Samsung vows to overhaul handset lineup following steep profit decline
Samsung admitted erring in its smartphone strategy and vowed to overhaul its handset lineup after profit from those devices tumbled last quarter to the lowest in more than three years.
The South Korean company, which climbed from smartphone laggard to top seller in the past three years, had prided itself on responding quickly to market demand and ability to tailor handsets to the needs of users and mobile carriers around the world.
But its rapid success with a product category pioneered by rival Apple is undergoing an equally stunning reversal. Earnings from Samsung’s mobile phone business began declining this year, undermined by lukewarm sales of the Galaxy S5 smartphone and the competitive onslaught from cheaper local brands in China and India. Apple also eroded Samsung’s leading market share in developed nations.
In a rare acknowledgement of a misstep, the company’s head of investor relations told an earnings conference call that Samsung had lagged behind changing market conditions. The company’s response “was not quick enough,” said the executive, Robert Yi.
It plans a significant change in smartphone strategy for next year to seek more “efficiency,” implying that the number of new handset models might be reduced. That will allow the company to better focus on each product and to purchase components at cheaper prices to save costs.
Unlike Apple’s take it or leave it approach, Samsung boasted that it gave more choice to consumers, launching at least two flagship models per year and making smartphones in a variety of screen sizes and various features.
The drop in earnings from the mobile business battered the South Korea company’s quarterly net profit, which tumbled 49 percent to 4.2 trillion won ($4 billion). That was the lowest since the first quarter of 2012, but above market expectations. Analysts polled by FactSet had predicted net income of 3.7 trillion won.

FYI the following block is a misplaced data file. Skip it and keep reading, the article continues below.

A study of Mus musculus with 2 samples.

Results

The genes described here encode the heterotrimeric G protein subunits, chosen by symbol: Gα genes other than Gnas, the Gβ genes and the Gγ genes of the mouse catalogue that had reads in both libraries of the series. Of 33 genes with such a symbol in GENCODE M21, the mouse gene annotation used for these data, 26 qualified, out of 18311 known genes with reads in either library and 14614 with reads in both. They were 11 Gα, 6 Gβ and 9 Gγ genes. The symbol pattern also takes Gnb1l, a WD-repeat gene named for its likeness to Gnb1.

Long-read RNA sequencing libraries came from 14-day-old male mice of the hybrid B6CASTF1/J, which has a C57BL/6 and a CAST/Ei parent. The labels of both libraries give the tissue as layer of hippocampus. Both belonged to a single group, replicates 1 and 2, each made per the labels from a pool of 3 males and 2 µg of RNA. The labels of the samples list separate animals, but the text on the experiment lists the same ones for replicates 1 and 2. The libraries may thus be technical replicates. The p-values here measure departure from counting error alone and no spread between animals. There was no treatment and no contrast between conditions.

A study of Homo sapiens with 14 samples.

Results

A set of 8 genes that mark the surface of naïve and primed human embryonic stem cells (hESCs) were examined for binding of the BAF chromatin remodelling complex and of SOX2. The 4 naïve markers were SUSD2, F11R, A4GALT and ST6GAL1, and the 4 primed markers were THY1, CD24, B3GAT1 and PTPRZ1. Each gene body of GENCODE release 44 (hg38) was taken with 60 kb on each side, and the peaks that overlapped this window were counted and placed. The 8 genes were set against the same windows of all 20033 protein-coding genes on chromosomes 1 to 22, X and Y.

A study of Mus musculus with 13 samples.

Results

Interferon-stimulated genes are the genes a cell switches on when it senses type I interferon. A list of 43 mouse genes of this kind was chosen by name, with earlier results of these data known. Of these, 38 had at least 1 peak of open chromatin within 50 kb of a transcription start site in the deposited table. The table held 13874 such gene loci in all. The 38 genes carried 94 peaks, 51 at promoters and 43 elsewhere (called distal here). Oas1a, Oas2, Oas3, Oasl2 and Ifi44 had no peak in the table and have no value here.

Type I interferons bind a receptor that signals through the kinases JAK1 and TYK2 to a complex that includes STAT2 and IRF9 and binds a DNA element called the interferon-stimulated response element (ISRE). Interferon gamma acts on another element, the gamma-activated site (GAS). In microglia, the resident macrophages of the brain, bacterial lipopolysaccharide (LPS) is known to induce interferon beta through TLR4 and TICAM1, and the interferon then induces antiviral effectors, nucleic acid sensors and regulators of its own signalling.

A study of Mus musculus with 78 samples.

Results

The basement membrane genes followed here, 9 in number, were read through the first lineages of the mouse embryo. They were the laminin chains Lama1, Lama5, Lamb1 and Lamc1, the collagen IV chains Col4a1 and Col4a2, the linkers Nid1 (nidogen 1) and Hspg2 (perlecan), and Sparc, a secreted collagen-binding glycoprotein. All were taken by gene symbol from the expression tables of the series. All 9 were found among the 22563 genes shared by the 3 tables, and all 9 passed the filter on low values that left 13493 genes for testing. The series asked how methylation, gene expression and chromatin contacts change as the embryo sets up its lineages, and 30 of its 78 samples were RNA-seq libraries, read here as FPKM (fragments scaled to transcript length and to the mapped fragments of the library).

Operating income from its mobile business, which previously had contributed more than 60 percent of its entire earnings, fell to 1.75 trillion won ($1.66 billion) from 6.7 trillion won a year earlier.
Quarterly sales fell 20 percent to 47.4 trillion won while operating income shrank 60 percent to 4.1 trillion won.
Samsung warned earlier this month that its handset profit had declined despite a marginal increase in shipments. Analysts said the Galaxy S5 smartphone launched in April did not sell well while many consumers held off upgrading their phones, instead waiting for new iPhones.
“High-end smartphone sales result was somewhat weak,” said Kim Hyun-joon, senior vice president at Samsung’s mobile communications business. “We will fundamentally reform our product portfolio.”
Samsung retained its leading position in the global smartphone market during the third quarter, but it was the only top five handset vendor to record a sales decline. Apple, Xiaomi, Lenovo and LG Electronics all posted more than 15 percent growth in their smartphone shipments, according to market research firm IDC.
Samsung’s shipments fell 8 percent to 78.1 million smartphones in the third quarter and its market share eroded to 24 percent from 33 percent a year earlier.
Samsung’s rise to the world’s top smartphone maker was largely thanks to its early bet on Google’s Android operating system. But with other Android handset makers catching up in performance, features and design, Samsung is facing pressure to add an impressive and differentiating new features to its phones.
One of its answers was the Galaxy Note Edge smartphone with a curved side screen that can display icons, news flashes or weather. But with a limited supply of curved displays, Edge smartphone production will remain small. It went on sale in Japan and South Korea this month.
The company gave little detail about how it would differentiate new smartphone’s software or user experience. On the hardware front, Samsung said flexible displays and a metal case will help its new phones to stand out.
With a plunge in smartphone profit, Samsung is increasingly relying on semiconductors. For the first time since the third quarter of 2011, the semiconductor division reported a larger quarterly profit — 2.3 trillion won — than the mobile communication division.
Samsung projected that its earnings would grow in the current October-December quarter, driven by the memory chip business. But it was uncertain whether its smartphone business would recover because it may have to increase marketing expenses to compete with rival handsets and to clear out inventory before the start of 2015.
The Galaxy Note 4 smartphone, which will compete with the big-screen iPhone 6 Plus, will go on sale in more countries during the final quarter of 2014, Samsung said. It is aimed at consumers who like smartphones as big as tablets.